A Solution For My Hammertoe Quandary
There are two procedures I absolutely loathe doing, namely calcaneal fracture repair and Lisfranc’s arthrodesis. I do these procedures reluctantly. However, they are no fun to perform and can be postoperative nightmares no matter how well things heal. While hammertoe surgery is much less technically challenging, it is just a notch below on my list of least favorite surgeries. Any first-year resident could do a hammertoe surgery but let him or her try to manage these patients post-operatively and then the resident will really learn something.
This is where the headaches begin and continue. You may see stiffness, non-purchasing digits, too straight toes, toes that go every direction possible when the K-wire comes out, prolonged swelling, pain, and the infamous “dead stick” toe.
I did my residency 19 years ago and was trained by some very good surgeons. I would like to thank all those who shared their knowledge with me. These surgeons included Richard Lundeen, DPM, Anthony Miller, DPM, Elliott Kleinman, DPM, Jordan Ross, DPM, Tom Vogel, DPM, and Theodore Morden, DPM.
I was primarily trained to do arthroplasties with K-wire fixation that was left in for three to six weeks depending on the surgeon. I always try to do a flexor tendon transfer when possible as it is my first choice for a hammertoe surgery. However, when bone work is needed, that is when I have seen less than reliable results.
When I graduated from my residency, I did arthroplasties with K-wire fixation for six weeks. Four or five years into practice, I was disappointed with my hammertoe surgery results and started doing arthrodesis with K-wire fixation. I did end-to-end arthrodesis with minimal joint resection and left the K-wire in for six weeks. I had many patients complain of toes that were too straight and stiff (i.e. the “dead stick” toe). About three or four years ago, I switched back to arthroplasties with K-wire fixation for six weeks. The disappointment continued until I stumbled upon the Smart Toe by Memometal (MMI).
First, I want to state that I have no conflict of interest with MMI. I am solely writing about this product because I think it is a vast improvement for boney hammertoe surgery. The Smart Toe is made of Nitinol metal and is a one-piece implant (unlike the Stay-Fuse) and is much easier to insert. The angled version, which is the only model I recommend, is angled in 10 degrees of plantar flexion. This gives the toe a more natural appearance and ground purchase. The implant provides rotational stability unlike resorbable pins and K-wires. The implant eliminates external exposure, thereby reducing pin tract infection. The Smart Toe provides compression of the arthrodesis site, reducing the risk of non-unions.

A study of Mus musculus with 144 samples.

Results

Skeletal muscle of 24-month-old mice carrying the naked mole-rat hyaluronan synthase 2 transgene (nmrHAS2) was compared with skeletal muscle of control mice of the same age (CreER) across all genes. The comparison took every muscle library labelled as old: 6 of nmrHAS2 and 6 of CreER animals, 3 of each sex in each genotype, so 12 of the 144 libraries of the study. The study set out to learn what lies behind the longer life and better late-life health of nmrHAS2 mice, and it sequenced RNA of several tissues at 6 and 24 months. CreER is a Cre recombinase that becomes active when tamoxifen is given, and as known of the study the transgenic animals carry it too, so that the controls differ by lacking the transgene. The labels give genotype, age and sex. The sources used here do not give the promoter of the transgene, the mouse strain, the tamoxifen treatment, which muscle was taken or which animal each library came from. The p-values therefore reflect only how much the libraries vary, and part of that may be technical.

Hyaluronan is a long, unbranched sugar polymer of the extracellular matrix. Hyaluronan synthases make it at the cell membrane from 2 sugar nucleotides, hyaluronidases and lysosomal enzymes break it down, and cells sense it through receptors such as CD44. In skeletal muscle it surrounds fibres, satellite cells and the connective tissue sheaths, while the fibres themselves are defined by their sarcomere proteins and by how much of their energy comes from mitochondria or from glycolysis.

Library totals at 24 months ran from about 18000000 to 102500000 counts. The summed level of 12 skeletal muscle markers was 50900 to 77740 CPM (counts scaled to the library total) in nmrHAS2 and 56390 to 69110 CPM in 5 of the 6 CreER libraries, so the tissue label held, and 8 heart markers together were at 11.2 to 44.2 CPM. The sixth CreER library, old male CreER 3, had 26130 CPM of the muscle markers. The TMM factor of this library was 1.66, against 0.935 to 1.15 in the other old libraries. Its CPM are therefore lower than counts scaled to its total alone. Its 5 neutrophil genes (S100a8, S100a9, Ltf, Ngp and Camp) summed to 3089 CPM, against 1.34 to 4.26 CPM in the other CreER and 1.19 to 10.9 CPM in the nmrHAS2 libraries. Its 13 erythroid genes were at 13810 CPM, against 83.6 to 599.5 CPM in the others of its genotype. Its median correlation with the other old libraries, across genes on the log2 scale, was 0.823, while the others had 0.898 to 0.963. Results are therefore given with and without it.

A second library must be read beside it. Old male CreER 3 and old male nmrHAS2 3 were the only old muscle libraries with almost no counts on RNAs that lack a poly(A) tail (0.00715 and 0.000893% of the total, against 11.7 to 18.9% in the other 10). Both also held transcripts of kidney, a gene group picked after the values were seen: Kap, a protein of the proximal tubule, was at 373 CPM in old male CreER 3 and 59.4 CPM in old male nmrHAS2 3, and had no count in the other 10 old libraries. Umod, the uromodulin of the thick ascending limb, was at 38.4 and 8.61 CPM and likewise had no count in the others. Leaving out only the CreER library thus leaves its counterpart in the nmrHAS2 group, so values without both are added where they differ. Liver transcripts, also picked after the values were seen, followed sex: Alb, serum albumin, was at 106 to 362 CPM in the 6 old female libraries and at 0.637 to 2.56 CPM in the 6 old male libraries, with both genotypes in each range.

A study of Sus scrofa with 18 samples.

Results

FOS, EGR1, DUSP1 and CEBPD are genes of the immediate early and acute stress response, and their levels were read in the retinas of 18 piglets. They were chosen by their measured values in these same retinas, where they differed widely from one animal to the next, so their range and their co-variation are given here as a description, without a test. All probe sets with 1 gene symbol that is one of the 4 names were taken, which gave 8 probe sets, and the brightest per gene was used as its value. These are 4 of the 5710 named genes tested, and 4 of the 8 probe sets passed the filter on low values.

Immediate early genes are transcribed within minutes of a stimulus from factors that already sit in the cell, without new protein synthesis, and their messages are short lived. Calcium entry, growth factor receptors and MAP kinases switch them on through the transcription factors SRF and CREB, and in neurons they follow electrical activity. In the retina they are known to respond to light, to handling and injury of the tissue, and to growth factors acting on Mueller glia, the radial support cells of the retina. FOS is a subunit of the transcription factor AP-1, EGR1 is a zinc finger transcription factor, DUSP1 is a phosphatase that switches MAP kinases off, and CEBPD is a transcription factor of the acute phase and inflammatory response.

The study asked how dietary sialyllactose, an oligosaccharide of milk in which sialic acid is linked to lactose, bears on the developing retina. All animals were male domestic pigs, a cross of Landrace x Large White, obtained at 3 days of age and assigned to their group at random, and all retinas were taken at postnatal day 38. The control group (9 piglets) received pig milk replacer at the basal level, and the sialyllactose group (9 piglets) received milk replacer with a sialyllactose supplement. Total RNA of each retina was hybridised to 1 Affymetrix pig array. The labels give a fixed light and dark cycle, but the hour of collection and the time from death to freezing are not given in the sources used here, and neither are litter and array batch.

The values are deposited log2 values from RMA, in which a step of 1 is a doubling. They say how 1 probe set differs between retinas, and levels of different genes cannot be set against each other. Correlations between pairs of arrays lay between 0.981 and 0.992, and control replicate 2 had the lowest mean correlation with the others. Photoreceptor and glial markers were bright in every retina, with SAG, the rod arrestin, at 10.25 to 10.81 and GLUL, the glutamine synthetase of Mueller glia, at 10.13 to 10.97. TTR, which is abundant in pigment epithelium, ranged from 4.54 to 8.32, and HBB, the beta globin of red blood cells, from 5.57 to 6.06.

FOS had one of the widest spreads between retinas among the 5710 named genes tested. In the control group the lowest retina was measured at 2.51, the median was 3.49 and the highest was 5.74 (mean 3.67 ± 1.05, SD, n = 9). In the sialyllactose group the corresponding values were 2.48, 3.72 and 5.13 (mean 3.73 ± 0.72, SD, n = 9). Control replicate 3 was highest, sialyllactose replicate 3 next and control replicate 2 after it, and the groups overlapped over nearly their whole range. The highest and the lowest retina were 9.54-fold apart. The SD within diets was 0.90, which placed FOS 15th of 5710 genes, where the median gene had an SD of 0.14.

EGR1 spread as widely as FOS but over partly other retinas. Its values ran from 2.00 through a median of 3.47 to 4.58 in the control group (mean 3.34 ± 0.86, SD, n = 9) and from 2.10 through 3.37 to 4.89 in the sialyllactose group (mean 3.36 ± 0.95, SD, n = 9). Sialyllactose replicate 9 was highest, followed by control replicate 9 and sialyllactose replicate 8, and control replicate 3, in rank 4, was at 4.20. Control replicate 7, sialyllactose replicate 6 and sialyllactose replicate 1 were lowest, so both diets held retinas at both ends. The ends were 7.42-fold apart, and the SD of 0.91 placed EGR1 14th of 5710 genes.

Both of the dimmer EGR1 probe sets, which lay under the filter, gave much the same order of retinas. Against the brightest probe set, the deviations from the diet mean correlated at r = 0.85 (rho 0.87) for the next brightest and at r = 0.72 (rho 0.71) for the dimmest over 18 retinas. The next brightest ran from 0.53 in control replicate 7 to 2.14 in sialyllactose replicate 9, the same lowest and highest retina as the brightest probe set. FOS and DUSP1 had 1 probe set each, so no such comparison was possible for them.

Patients hate K-wires sticking out of their toes and dread having them removed no matter what you tell them. To me, this is a win-win situation. The patient is happy and you get predictable post-operative results. It is about time.
The technique is relatively simple. To begin, start with a dorsal approach. I have used both the longitudinal approach and transverse approach. I will say the longitudinal approach is easier due to better exposure. Utilize a standard joint approach with minimal joint resection in an end-to-end fashion. Drill both sides of the fusion site with the drill bit included in the set, and use the starter awl to prepare the fusion site. Proceed to broach the respective sides. (On a side note, MMI needs to put a “P” and “D” on the broaches instead of the ridiculous pictures they have on the broaches now.) Anyway, the short broach is for the proximal side and long broach is for the distal side.
The implant is frozen and one must insert it within two minutes or the stems will start to open up on both sides of the implant. Use the forceps provided to grasp the implant and insert the proximal stem first. While holding the distal ends together with the forceps near the body of the implant, insert the distal aspect into the middle phalanx. Remove the forceps from the implant and compress the arthrodesis site manually.
The implant is press fit and will be snug going in both sides. Use steady pressure until both sides are completely seated. Hold the fusion site together in order to allow the body heat to activate the Nitinol metal, expanding the head and feet of the implant for about one minute. Close the extensor complex and skin in your preferred manner. Postoperatively, it is recommended to have the patient be ambulatory in a surgical shoe for four weeks.
What is the downside with Smart Toe? The only thing I can really think of is the cost may be prohibitive in certain facility settings. That is it for me.
Just to make it clear, I am only recommending the angled implant. I encourage you to give this a try on a future hammertoe surgery and let me know what you think.